Politics

              President Barack Obama gestures as he speaks about the fiscal cliff, Monday, Dec. 31, 2012, in the South Court Auditorium at the White House in Washington. The president said it appears that an agreement to avoid the fiscal cliff is "in sight," but says it  President Barack Obama gestures as he speaks about the fiscal cliff, Monday, Dec. 31, 2012, in the South Court Auditorium at the White House in Washington. The president said it appears that an agreement to avoid the fiscal cliff is "in sight," but says it's not yet complete and work continues. (AP Photo/Charles Dharapak)   

Bait and Switch: In face of fiscal cliff, Obama demands spending boost for 2013

Neil Munro
White House Correspondent

President Barack Obama smashed a completed fiscal-cliff deal with a last-minute demand for increased spending in 2013, according to an e-mail from the GOP’s Senate leader, Mitch McConnell.

Under the deal, planned tax increases on middle-class Americans would be cancelled, but Obama insisted on raising tax rates on Americans earning more than $400,000 per year.

“They’re holding that [deal] hostage” to boost 2013 spending, GOP Sen. Bob Corker said shortly after Obama lauded the pending agreement.

“The tax piece is complete and done as of last evening at 1:45 a.m. I thought the entire deal was sealed. Early this morning, the White House called demanding that we also turn off the sequester,” said the email, signed “Mitch.”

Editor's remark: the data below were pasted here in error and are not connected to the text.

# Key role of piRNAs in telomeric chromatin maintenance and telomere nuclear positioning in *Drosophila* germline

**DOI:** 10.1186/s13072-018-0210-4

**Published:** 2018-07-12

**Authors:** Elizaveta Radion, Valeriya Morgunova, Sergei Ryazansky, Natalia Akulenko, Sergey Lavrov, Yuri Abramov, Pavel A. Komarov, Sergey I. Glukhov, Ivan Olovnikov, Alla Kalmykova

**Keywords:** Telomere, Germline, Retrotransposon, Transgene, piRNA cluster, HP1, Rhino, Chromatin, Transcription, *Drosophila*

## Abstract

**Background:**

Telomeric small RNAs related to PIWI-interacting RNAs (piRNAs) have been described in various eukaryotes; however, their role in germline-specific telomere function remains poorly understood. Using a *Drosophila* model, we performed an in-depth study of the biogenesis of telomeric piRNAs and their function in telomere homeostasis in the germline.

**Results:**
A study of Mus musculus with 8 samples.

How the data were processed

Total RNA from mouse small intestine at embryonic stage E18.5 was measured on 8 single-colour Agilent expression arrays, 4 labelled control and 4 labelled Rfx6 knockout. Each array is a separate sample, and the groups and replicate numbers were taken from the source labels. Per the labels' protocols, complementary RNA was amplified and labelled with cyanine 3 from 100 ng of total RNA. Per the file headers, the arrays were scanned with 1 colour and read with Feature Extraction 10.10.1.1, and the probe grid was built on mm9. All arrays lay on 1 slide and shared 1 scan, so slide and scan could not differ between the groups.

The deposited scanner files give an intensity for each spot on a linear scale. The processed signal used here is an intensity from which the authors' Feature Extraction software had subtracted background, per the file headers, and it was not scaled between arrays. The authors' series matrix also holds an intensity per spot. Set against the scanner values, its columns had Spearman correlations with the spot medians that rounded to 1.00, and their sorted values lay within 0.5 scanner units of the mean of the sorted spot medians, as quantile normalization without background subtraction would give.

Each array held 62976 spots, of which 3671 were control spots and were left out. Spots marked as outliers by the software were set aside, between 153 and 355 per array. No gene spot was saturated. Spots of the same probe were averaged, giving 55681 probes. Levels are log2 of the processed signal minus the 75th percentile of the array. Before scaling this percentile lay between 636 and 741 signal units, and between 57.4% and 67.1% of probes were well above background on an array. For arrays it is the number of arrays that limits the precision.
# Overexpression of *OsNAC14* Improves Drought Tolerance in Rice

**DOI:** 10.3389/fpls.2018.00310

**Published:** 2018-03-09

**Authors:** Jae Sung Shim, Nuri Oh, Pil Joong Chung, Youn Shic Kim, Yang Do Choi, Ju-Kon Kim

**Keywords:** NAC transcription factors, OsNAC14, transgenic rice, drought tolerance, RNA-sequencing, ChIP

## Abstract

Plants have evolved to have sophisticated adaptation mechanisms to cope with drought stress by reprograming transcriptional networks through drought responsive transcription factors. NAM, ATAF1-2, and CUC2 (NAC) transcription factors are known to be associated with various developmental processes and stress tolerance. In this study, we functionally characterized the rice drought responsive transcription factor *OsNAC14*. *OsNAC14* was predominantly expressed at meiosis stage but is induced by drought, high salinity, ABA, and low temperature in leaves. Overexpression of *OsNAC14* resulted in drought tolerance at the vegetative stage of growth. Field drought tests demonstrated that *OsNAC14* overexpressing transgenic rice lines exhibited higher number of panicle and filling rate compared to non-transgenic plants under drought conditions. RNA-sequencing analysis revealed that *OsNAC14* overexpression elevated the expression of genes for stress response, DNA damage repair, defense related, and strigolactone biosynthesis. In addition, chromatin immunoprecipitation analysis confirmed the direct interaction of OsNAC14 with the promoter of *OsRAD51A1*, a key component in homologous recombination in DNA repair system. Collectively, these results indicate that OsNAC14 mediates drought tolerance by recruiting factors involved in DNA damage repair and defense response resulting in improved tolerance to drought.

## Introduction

The sequester refers to scheduled cuts in spending during the first nine months of 2013. Half of the $109 billion in cuts are to be imposed on the Pentagon.

Republicans are seeking budget cuts to reduce the federal government’s annual deficit of $1 trillion, and also to trim the size and reach of government.

In response to Obama’s last-minute demand, McConnell offered to find other spending cuts, according to the email.

“I have recommended that we look to find offsets to buy down two months of the sequester and have offered several ways to pay for this,” McConnell wrote.

However, “the White House has yet to find a way to agree to any of $100 billion of various proposals that I have suggested but we are continuing to talk. I intend to bring us all together as soon as this issue is resolved to talk in greater detail.”

Obama’s demand for removal of the sequester — which he first proposed in 2011 — is likely to antagonize GOP leaders who want to trim federal spending.

In contrast, progressives want to increase spending that broadens the reach of government.

The president’s negotiating position may also torpedo the pending fiscal cliff deal, in part, because that deal raises taxes by roughly $700 billion over 10 years, but does not trim federal spending.

In a brief floor speech at 2:50 p.m., McConnell urged quick passage of the tax deal, saying the Senate should not “hold up protecting Americans from the tax hike that will take place in about 10 hours.”

But he downplayed the disagreement over Obama’s demand for extra 2013 spending. After passage of the tax deal, he said, legislators can work “on smarter ways to fight spending.”